India entered into and exited from lockdown way too early: Abhijit Banerjee1 min read . Updated: 15 Aug 2020, 04:17 PM IST
Indian govt, while imposing stay-at-home restrictions on 25 March, at a notice of four hours, couldn't foresee the migrant crisis as there was no database about migrant workers, says the Nobel laureate
New Delhi: India erred in imposing lockdown restrictions too early and exited from it within a short period of time, which resulted in an outcome that was worse than expected, economist and Nobel laureate Abhijit Banerjee said on Saturday.
Banerjee said India’s stay-at-home restrictions, imposed on 25 March, at a notice of four hours, did not foresee the migrant crisis as there was no database about migrant workers. Successive governments did not give priority to generating high quality data, which he said, led to absence of a culture of scientifically informed decision making. The consequence of lack of such a culture was evident during the pandemic, he said.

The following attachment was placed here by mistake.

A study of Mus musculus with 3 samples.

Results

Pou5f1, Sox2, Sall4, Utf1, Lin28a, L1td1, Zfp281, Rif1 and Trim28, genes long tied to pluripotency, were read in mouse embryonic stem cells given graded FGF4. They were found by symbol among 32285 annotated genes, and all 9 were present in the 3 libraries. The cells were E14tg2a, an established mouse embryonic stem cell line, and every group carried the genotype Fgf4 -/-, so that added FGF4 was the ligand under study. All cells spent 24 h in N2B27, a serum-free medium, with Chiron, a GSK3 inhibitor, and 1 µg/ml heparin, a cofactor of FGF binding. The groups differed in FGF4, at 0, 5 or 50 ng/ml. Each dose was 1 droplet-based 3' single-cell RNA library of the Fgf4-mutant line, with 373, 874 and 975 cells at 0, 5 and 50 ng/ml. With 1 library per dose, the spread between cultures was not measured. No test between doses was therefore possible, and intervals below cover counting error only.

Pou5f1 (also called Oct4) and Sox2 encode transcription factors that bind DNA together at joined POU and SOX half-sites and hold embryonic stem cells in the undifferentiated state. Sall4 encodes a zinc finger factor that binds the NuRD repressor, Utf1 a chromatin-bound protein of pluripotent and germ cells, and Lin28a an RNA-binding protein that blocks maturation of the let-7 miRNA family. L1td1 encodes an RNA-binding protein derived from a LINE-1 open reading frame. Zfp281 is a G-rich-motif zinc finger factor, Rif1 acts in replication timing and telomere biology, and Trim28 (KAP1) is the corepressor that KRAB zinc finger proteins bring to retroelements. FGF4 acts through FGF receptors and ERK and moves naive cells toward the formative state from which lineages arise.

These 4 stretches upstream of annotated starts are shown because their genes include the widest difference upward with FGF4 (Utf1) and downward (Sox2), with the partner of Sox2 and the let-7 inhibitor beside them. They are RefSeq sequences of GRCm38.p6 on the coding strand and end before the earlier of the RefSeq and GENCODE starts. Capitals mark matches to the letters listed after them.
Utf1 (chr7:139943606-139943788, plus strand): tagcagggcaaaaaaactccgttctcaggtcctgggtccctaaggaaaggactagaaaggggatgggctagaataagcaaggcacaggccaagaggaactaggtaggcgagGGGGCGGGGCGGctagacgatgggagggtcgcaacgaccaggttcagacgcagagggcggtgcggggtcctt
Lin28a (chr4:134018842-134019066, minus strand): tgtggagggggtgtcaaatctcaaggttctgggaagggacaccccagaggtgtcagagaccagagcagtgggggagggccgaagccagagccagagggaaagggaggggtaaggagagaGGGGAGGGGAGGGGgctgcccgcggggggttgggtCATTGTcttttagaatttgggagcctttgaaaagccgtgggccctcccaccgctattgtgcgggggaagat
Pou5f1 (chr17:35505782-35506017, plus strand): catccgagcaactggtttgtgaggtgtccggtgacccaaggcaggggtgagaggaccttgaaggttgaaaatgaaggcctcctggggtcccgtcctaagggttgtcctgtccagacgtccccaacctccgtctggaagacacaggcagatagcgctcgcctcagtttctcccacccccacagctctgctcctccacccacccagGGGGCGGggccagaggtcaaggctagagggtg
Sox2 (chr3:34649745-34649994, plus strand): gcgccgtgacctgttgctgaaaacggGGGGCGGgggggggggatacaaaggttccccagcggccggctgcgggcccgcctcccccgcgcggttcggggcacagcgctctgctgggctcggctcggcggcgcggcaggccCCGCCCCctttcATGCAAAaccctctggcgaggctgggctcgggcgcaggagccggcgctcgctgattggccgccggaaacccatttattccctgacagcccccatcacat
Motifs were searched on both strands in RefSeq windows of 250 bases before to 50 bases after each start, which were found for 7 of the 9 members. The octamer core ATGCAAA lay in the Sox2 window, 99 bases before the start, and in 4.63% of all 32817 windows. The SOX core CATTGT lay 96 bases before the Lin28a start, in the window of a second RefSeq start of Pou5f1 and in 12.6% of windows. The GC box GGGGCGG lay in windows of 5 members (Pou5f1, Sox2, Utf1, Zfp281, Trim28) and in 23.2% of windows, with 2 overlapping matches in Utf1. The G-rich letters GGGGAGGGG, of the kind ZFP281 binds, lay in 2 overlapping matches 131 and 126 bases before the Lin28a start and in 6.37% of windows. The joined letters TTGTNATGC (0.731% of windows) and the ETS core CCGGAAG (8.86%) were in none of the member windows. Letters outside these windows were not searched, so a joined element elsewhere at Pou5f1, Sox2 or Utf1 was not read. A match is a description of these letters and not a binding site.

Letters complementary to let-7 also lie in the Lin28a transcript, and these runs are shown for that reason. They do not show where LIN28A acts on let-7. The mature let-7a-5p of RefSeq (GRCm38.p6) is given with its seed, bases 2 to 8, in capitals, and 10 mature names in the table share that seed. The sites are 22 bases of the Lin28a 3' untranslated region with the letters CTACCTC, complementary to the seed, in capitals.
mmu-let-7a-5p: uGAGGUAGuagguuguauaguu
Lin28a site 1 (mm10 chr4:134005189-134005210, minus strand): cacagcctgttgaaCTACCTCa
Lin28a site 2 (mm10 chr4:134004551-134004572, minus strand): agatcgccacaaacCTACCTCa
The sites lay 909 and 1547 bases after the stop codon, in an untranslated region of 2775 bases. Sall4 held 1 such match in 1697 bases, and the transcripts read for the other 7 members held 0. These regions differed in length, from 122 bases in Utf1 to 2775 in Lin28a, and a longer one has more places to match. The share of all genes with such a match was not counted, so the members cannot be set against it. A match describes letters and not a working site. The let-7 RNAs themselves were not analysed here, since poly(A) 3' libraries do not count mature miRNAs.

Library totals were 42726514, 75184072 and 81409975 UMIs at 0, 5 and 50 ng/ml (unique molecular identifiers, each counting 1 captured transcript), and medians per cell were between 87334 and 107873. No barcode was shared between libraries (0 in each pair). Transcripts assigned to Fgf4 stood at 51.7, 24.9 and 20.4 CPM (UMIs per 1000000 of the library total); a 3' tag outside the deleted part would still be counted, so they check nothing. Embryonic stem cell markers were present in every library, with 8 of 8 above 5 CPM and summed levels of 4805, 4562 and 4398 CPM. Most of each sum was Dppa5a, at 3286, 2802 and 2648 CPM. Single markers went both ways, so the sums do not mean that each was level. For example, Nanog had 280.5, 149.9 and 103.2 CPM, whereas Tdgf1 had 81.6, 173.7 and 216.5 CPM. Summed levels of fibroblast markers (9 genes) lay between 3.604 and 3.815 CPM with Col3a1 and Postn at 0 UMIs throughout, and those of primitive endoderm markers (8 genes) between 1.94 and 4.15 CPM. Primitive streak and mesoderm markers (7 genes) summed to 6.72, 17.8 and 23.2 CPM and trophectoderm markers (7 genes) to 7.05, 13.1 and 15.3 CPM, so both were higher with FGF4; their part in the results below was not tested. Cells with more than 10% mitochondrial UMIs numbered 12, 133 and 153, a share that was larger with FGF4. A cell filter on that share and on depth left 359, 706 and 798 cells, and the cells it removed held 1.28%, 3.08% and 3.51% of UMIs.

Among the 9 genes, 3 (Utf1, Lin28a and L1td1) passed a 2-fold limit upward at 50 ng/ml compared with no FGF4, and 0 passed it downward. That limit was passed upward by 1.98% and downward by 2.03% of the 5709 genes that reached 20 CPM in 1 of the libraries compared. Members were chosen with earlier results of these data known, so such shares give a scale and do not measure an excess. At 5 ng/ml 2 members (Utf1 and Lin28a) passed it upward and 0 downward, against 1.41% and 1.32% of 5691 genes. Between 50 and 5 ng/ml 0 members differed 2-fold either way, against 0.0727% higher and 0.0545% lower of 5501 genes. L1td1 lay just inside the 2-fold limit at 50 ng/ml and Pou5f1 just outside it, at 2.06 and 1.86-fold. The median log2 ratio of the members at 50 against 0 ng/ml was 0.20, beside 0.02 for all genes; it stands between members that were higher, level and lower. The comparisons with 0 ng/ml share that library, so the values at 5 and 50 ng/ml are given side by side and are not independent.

“The lockdown was probably too early. We did it too quickly. If we knew that the lockdown will last only for a short period of time, we might have wanted it when the disease already reached a lot of people. Then it will slow the spread of the disease down when we needed it to slow down. We did instead move very early and then opened up very early because we cannot keep people locked down for a very long time. That created worse outcomes than would otherwise have been," said Banerjee.
He also said successive governments did not prioritise the task of generating high quality data as they have been suspicious of losing control over data. He was speaking at a webinar organised by ‘The/Nudge’, a not for profit organisation working on sustainable poverty alleviation.
“The problem was migrants had no place to live. They always lived in the construction site. When the site is closed, they had no place to live. That kind of thing needs to be documented," Banerjee said.
“We are in a place where very little hard information about India is coming out," he said, referring to former chief economic advisor in the finance ministry Arvind Subramanian’s observation in June that there was a significant overestimation of India’s economic growth for the period from 2011-12 to 2016-17 because of methodology changes.